EFR - Reviews of All The Men We've Never Slept With

All The Men We've Never Slept With

Sat 11th – Sat 25th August 2012

reviews

Pia Dhaliwal

at 02:33 on 17th Aug 2012


The obvious pitfalls of such a premise are neatly avoided – never once did I feel things were getting gratuitously raunchy, or unbearably preachy. Instead, some friendly pre-show bantering with the audience as people took their seats made the already relaxed venue that bit more intimate – an atmosphere no doubt aided by drinks and the lateness of the hour. The first song of the evening set out the tone of the evening wonderfully, with Lee-Kennedy and Powell continuing their friendly back-and-forth in musical form during their opening song. They went on to reveal their different yet complementary attitudes towards sex and relationships – occasionally teasing, yet always respectful towards each other’s views.

The pacing of the show is excellent, divided fairly evenly between songs and casual chatting to the audience – though bookended by a fairytale read out by Lee-Kennedy with background music by Powell. The two are clearly greater than the sum of their parts; their respective strengths – writing and music – go incredibly well together, and their obvious chemistry as a double-act is reflected in the easy way they speak to each other and the audience. Occasionally there was a slightly contrived air in exchanges that had obviously taken place in many previous shows, but no more so than the average stand-up act, and this did not really detract from the overall sincerity of their show. Their anecdotes, musical or not, are frankly told, ranging from the experience of dating someone who’s just sort of ‘good enough’ to the experience of meaningless sex to the experience of supporting Edward Cullen. Later on, members of the audience are also encouraged (if they so desire) to share their own stories of the one (or ones) who got away – an invitation to which they are by that point pretty receptive, potentially due to that aforementioned combination of lateness and drink, but also because the whole evening just fosters that kind of feeling – a sort of cosy warmth that invites sharing and confidentiality. I doubt a lot of performers would be able to invite that kind of truthfulness, but somehow these two do.

Overall, this experience is an exceedingly enjoyable one. Both Lee-Kennedy and Powell come across as charming, candid individuals – the sort of people you’d want to get a drink with. The writing and music is great, and I found myself sorry to discover that there was no CD available despite their exceptionally catchy songs and pleasant vocals. Though possibly not for people looking for something loud and raunchy, anyone looking for a low-key, yet undeniably funny, thought-provoking, and moving (not to mention free!) late-night show to watch should definitely give this a try.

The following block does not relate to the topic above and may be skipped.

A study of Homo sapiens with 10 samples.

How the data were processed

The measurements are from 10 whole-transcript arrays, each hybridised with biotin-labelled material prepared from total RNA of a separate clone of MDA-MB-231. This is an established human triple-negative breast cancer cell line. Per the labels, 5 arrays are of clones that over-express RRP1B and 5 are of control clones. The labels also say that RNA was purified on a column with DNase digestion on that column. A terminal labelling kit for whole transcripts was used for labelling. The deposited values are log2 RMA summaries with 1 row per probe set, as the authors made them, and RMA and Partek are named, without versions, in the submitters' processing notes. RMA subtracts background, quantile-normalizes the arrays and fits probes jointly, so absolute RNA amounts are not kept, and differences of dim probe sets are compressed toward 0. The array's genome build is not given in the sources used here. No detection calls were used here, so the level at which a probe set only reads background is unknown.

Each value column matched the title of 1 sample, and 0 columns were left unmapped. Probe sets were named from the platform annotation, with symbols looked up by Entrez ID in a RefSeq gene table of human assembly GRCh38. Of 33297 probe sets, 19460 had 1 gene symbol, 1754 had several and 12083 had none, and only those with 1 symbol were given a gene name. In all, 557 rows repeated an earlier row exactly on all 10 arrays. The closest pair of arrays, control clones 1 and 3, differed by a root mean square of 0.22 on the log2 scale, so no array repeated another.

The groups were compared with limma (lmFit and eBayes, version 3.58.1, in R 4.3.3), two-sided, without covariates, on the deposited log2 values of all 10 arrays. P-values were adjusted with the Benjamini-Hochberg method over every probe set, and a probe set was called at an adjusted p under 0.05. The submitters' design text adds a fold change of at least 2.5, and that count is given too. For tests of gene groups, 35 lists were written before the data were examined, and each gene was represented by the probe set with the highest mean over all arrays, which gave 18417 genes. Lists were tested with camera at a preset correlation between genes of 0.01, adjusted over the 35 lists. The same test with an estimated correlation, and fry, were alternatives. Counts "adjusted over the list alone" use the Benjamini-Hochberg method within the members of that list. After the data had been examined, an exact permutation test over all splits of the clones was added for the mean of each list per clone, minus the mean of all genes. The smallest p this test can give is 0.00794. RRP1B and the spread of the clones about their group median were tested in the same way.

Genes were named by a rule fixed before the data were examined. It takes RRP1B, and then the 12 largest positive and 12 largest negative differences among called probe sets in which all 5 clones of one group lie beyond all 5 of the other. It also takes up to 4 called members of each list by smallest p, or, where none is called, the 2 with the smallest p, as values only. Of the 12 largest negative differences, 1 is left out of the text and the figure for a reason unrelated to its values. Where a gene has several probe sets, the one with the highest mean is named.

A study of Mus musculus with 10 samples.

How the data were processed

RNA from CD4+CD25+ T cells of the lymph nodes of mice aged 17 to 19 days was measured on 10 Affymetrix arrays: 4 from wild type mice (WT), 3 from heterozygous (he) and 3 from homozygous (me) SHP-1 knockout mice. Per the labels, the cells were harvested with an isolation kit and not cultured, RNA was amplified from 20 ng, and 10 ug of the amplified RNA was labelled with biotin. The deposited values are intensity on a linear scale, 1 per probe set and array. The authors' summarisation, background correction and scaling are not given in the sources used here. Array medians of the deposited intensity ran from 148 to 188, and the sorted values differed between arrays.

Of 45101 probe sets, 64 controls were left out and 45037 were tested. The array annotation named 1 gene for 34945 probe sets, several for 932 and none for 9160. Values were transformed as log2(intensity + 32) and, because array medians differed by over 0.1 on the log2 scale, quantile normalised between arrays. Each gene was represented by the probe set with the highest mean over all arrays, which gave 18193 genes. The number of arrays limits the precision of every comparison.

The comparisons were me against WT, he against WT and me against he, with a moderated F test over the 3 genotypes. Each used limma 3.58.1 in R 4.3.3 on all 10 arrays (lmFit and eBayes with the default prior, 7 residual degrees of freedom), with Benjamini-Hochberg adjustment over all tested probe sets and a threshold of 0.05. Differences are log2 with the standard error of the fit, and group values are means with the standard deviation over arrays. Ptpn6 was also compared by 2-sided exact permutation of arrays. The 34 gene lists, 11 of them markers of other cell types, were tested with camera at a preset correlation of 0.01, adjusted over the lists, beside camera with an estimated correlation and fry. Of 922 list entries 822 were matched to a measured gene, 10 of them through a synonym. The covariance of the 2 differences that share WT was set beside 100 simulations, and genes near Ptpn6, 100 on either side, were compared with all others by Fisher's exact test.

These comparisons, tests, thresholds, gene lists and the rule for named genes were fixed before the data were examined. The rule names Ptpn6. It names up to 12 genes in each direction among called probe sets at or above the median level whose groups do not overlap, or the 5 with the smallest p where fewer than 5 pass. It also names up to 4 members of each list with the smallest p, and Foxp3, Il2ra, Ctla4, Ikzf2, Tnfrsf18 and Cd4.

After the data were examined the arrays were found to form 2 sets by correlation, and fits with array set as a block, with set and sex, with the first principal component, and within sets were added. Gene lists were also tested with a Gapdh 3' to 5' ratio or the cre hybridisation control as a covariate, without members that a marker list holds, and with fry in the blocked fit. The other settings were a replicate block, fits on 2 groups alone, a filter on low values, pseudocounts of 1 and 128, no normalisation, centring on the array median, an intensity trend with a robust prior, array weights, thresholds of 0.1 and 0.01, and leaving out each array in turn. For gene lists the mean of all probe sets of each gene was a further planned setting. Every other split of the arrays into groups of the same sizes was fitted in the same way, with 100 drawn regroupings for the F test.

at 09:41 on 17th Aug 2012


While the musical side of the evening is an unadulterated pleasure, the spoken comedy is also a real delight. Lee-Kennedy is a gifted, gregarious speaker with a sharp line in smart and silly wise cracks. The set-pieces which made up the meat of this show were a mixed bag, as many of them went on for too long but simultaneously stopped short of their comic potential. The overall piece is well-structured and benefits from a strong narrative thread (although, again, it wasn’t to my tastes and made me wince a little), but it’s the off-the-cuff humour which most impresses.

The soaring high-points of this show lie in the intersection between silly and serious stories. Powell is a charming and charismatic story-teller (but could do with tightening up the narrative arc of her vignettes) while Lee-Kennedy is the more sultry of the two singers and leans upon that impressively quick wit to draw in her audience. They both do so with finesse, and on the night we visited they stirred us into such enthusiastic participation that the section ran considerably over time. That they stayed with the crowd, deftly mining it for big laughs and using crowd confessions as a springboard into more of their own, tells you something of the warm-hearted and generous ethos which lies behind ‘All The Men We’ve Never Slept With’. We’ll never know how good the missed numbers were (‘Self Esteem’ sounded particularly promising), but if the others were anything to go by, they can’t have been anything short of sensational tunes with memorable gags and a little food for thought.

There is a tolerant, open-minded spirit to this show. It’s a rare pleasure to find performers as likeable as Lee-Kennedy and Powell, and the material certainly matches. They have such chemistry and charisma together that I left feeling buoyed up with optimism. If US presidential elections have occasionally been won by questions as trivial as ‘Who would I rather share a beer with?’ then Sugar and Vice would pass this test with flying colours. They’re as sassy, spirited and stimulating as you could possibly ask for. When I asked myself why exactly they were so entertaining, it came down to something like this: they come across as two women you’d really want to go to the pub with. So they’re not Hollywood-fabulous (although the music has its moments) and they’re not as slick and professional as all that (although pacier timing would go some way towards that) but they’re fun and fantastic and you’ll probably leave wanting more.